This is an Insecure Writer’s Support Group post. To join the group yourself, head over to their website and don’t forget to throw a ninja salute at our captain, Alex J Cavanaugh.

Insecure Writers Support Group Badge

The co-hosts for this month’s posts are Beverly Stowe McClureTyrean MartinsonTonja Drecker and Ellen the Cynical Sailor, stop by and check out their posts as you’re hopping today!

The question (totally optional, you little rebel, you) for June 6th is: What’s harder for you to come up with, book titles or character names?

Answer: Titles. Titles are the hardest thing ever. Titles are horrible, nasty, brain-killing beasts.

khan gif

Actual depiction of how I Shatner-yell “TITLES!” when it’s time to beg the muse for one.

Compared to titles, naming my characters is a breeze. I can use names I like the sound of, names which flow smoothly off the tongue. Alliterative names, names that pay homage to friends or family by sneaking in their name/nickname. I especially love to get in subtle digs at my enemies by including them as the villain with a slightly different name which still makes me think of them (this probably says a lot about my character and morals as a person and you know what I’m still going to do it, so mwahaha and all that).

I can go all J.K Rowling on my characters and imbue their names with lots of symbolic meaning and Latin-root hints. In my upcoming novella with eXtasy Books one of the main character’s names is Asher, which is Hebrew for joy, and that was very much deliberate and meaningful for the plot. Including little easter eggs like that is one of the obscure, probably meaningless, literary, sorta pretentious, bookwormy joys of my writer life. I love coming up with character names.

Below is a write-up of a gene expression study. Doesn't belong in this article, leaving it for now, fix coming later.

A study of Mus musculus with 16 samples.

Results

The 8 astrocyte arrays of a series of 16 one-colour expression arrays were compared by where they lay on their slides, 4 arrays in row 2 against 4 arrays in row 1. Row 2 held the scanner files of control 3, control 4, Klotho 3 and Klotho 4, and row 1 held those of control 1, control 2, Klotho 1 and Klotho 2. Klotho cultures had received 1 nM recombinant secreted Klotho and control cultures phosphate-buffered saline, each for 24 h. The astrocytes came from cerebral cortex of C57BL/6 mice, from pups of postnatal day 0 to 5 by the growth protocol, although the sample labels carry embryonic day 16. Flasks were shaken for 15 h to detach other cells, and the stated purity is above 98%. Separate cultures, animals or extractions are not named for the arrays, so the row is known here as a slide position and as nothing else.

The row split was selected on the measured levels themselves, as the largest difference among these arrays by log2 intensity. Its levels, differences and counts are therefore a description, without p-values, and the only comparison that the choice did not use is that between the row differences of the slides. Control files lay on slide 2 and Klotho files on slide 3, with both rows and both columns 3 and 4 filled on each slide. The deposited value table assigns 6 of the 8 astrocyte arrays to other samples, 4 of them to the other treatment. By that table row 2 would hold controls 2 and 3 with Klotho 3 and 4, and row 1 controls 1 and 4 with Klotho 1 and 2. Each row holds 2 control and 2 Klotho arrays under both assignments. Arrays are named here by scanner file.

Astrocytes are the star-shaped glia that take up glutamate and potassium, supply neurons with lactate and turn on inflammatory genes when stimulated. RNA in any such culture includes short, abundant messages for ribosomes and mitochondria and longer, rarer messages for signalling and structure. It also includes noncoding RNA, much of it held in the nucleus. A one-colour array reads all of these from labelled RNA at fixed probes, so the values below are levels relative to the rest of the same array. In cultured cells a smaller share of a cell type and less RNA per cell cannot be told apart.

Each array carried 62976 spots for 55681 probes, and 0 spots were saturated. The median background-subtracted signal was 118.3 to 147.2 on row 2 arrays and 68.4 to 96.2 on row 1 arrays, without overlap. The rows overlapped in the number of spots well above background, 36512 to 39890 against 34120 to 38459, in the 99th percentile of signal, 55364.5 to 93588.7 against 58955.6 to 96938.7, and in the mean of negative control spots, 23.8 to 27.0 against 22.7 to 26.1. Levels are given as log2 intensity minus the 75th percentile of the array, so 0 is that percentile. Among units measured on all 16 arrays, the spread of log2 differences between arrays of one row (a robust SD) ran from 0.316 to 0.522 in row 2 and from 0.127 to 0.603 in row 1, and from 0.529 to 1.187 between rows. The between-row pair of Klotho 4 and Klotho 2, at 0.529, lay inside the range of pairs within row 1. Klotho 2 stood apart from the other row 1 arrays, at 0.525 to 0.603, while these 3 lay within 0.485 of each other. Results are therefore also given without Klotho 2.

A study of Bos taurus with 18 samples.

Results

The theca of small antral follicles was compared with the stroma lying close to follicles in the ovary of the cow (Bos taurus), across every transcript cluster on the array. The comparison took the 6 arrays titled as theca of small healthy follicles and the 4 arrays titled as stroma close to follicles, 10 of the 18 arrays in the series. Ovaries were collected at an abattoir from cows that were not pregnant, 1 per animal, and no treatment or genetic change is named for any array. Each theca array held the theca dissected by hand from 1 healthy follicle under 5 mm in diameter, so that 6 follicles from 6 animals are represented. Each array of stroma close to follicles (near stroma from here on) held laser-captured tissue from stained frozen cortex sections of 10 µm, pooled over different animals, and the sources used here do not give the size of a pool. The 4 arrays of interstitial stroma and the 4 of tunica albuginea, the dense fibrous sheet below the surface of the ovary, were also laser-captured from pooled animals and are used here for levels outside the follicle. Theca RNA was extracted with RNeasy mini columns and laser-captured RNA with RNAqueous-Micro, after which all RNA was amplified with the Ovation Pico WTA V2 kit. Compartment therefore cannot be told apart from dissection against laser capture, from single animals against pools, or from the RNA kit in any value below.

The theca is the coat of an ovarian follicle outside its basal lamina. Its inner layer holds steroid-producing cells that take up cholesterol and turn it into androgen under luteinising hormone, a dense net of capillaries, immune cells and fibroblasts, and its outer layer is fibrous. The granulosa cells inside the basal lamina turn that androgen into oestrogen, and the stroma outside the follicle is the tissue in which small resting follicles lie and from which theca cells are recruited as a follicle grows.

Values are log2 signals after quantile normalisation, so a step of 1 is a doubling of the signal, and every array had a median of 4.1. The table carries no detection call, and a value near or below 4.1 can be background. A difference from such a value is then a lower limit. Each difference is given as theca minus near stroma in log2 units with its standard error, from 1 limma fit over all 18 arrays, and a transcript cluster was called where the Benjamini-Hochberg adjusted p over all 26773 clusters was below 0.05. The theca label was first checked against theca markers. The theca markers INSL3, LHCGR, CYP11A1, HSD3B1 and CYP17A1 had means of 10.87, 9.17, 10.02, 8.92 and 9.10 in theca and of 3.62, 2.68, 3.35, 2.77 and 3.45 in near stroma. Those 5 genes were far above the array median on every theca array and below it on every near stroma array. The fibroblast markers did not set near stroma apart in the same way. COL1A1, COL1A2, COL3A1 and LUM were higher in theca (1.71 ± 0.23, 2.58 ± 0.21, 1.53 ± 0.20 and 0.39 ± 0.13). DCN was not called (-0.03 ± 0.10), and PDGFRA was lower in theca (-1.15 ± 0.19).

But titles. Ahhhh, titles. Such a different story.

How do you encapsulate all of the ideas in the story in one pithy little phrase? What magic enables other authors to come up with a wonderfully fitting, dramatic title? How do you shove the meaning of your entire book into one or two words? How do you make it interesting, apt, evocative, perhaps even punny, but not too long, or too vague, or too boring?

No, really, how? That wasn’t a rhetorical question.

 

1350490360_guy_jumps_cannon_ball_into_frozen_pond

Perfect title incoming in 3 . . . 2 . . . 1 . . . DENIED

Blegh. Titles are awful. In all honesty, I usually end up trawling Amazon to gather inspiration from which titles are selling well in my genre right now, then tweaking the different ideas for my own story. And I head over to the Kindlepreneur list of free book title generators a lot of the time, too.

For my own entertainment I used the title generators to come up with the worst titles of all time in several different genres and posted the results. It was way more fun than coming up with actual, serious titles, tbh. I mean, by the end of it there was a rejected children’s book titled “Forty Whacks and Bedtime Snacks, a Child’s Compendium of Famous Serial Killers” and really, I might as well retire right now.